A new program will toss a financial lifeline to Oakland food and beverage operators at the end of a stormy year.
The county will use $3 million from its general fund and $7 million from its federal CARES Act allocation to help restaurants and bars hurt by reduced patronage and state shutdowns. Up to 1,000 businesses will get checks or supplies under the Oakland Together Restaurant Relief Program.
"Our local restaurants and their workers are important parts of our community," County Executive David Coulter says in a statement, "and we wanted to ... help stabilize their operations."
His announcement comes two days after a state agency said it will distribute $9.7 million from the Coronavirus Aid, Relief and Economic Security (CARES) Act to 650 small business owners, who can apply Dec. 15 for grants of up to $15,000.
In Oakland, the county is partnering with local chambers of commerce and downtown development authorities to distribute grants of unspecified amounts. Details for hospitality business owners will be posted here Dec. 15.
Here's how the suburban program will work:
$7 million will be divided among roughly 1,000 businesses that earlier received stabilization, recovery or restart grants from county CARES Act funds. Recipients needn't reapply and will get checks automatically. Money can be used to cover perishable food losses, rent or mortgage payments, and labor costs. The county must spend the federal funds by Dec. 30.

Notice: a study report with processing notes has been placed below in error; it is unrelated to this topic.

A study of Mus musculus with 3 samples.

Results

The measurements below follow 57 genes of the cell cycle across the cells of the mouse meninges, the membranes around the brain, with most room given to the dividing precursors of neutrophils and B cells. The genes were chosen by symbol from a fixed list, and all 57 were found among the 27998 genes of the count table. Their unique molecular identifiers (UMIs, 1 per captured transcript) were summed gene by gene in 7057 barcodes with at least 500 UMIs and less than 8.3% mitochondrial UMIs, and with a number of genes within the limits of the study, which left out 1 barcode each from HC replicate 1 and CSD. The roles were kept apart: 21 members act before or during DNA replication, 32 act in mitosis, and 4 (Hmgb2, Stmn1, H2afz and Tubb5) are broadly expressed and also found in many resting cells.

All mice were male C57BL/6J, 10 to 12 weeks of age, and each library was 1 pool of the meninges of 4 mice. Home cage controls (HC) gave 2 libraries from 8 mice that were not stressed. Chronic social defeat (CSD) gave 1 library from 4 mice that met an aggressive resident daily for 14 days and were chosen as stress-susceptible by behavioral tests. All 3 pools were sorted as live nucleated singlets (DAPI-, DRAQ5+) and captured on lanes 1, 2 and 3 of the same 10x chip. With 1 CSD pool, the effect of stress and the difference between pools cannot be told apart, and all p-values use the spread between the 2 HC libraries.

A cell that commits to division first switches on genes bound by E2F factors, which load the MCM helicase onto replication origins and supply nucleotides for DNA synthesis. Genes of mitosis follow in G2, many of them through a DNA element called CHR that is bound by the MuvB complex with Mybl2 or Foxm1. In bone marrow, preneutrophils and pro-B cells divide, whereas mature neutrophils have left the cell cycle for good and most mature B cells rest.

$2 million from the county’s general fund will help selected restaurants and bars adapt for outside service. The county is buying small greenhouse-type structures, electric and propane heaters, propane tanks and other items to be given out.
$1 million will help food and beverage servers reopen safely by giving them personal protective equipment, hand sanitation stations and customer-tracing software.
Since spring, Oakland has distributed $140 million in federal aid to over 15,000 local businesses, 22 chambers of commerce, 28 school districts and to residents needing rent or mortgage assistance.
Coulter, like government leaders at city and state levels, hopes Washington lawmakers will approve fresh Covid-impact support this month. "This is one of the last programs using our CARES Act funds, which is why it is important for Congress to approve additional relief," he says. "This virus is not going away, and we need additional resources for recovery, COVID mitigation and vaccine preparation."